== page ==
Utilize Chapter Five / Case One / Advertising Jeans to Teens (page 143) to craft a creative brief for a jean company. Include components described in pages 134-136: objective, target audience, message theme, support and constraints. Model after the Army example provided. Minimum three quality bibliographic references (in-paper citations and works cited; MLA or APA). DO NOT USE the text or Wikipedia as sources. THE CASE AND PAGES FROM THE BOOK ARE ATTACHED. NO PLAGARISM WILL GO THROUGH A CHECKER.
EXAMPLES TO HELP PROVIDED BY INSTRUCTOR: (ALSO ATTACHED)
Louisville’s Mark Rosenthal, Creative Director at Creative Alliance, graciously shared documents relevant to this assignment from his real-world work files and personal stashof teaching materials. In addition to the Army example you’ll be modeling to write your own creative brief, be sure to review the Chix and Kentucky Energy Cooperative example she provided. This folder also contains Mark’s creative brief teaching tool with descriptors and a separate creative brief template to get you started.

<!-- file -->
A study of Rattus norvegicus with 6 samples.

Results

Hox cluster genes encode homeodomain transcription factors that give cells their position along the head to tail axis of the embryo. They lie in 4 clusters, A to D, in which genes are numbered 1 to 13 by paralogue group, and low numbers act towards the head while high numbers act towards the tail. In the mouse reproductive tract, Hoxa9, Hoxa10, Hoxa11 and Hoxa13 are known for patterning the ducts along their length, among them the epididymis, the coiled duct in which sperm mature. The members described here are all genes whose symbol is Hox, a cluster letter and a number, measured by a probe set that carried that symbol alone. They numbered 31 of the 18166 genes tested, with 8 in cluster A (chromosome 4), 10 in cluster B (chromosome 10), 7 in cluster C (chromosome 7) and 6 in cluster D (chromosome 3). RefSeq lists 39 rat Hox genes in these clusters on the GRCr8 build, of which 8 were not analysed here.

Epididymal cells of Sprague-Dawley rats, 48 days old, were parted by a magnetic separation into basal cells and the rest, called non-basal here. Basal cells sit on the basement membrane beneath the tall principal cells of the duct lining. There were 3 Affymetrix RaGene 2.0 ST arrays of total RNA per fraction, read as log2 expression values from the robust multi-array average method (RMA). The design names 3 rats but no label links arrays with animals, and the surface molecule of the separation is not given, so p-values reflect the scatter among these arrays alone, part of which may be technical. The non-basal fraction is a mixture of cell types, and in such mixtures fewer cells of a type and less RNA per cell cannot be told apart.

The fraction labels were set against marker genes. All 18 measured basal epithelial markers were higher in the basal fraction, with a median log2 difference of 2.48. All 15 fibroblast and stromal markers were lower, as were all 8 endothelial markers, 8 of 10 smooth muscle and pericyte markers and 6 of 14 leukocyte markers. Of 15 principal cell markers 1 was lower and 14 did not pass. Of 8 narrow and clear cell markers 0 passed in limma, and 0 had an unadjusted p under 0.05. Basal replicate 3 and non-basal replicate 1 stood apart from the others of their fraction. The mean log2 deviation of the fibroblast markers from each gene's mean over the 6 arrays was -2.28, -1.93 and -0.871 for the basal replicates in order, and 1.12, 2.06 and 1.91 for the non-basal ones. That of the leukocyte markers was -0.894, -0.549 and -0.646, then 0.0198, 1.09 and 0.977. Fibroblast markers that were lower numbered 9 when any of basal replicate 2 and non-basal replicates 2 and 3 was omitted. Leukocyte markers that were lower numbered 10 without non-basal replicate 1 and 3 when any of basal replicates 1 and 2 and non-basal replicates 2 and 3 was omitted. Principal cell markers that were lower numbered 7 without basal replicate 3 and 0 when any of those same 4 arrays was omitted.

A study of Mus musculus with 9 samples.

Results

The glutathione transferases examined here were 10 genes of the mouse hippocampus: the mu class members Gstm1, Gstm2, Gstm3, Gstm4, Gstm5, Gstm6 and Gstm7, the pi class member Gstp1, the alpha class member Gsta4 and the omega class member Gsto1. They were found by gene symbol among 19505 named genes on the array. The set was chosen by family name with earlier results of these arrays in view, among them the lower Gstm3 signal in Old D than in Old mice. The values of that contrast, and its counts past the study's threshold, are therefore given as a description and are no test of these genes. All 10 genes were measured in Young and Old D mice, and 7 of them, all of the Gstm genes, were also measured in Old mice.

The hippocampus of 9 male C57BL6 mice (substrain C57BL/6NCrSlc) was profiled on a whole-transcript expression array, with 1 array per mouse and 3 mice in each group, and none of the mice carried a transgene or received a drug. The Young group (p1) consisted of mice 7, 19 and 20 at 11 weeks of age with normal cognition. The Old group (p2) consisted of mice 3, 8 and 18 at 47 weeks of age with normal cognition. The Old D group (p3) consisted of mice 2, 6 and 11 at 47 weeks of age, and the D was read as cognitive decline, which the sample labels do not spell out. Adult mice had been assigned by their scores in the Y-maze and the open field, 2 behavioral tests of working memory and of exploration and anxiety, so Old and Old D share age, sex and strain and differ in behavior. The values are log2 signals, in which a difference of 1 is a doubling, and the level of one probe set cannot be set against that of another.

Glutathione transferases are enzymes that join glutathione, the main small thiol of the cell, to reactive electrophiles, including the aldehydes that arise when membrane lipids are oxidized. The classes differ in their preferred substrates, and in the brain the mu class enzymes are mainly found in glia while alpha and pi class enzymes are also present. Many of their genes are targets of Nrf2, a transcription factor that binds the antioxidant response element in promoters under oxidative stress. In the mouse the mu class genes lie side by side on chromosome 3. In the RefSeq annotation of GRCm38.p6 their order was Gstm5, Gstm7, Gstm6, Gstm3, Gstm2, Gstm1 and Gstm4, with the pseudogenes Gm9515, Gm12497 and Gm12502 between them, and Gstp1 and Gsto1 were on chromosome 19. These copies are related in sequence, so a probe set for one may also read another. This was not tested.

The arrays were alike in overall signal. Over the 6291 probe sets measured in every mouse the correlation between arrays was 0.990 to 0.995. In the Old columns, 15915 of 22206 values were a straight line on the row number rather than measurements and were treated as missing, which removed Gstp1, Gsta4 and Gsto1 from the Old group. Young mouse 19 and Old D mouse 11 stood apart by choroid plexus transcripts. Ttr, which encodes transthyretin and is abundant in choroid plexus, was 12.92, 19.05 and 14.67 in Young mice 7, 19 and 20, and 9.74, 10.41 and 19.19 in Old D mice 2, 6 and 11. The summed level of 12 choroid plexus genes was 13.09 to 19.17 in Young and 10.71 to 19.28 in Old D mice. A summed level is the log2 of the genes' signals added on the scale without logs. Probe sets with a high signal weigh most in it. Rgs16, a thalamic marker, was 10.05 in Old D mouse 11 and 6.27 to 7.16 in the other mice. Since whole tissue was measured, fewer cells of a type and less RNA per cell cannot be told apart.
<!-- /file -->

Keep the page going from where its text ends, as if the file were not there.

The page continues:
Here are a few additional comments from Mark:
“As a creative person, I hate over-thought, over-written creative briefs. So Istress, write it and re-write it. And rewrite it. And rewrite it until the main message is prioritized, succinct and relevant (and compelling if possible). Keep it brief! If I’m being asked to produce a print ad, a TV spot, an outdoor board or a web-banner, there’s only so much time or space for an idea and critical information. Consumers rarely if ever read body copy in an ad. It’s a fact. We have a millisecond to make a connection with our target so it better be worth their time or they’ll pass on you.”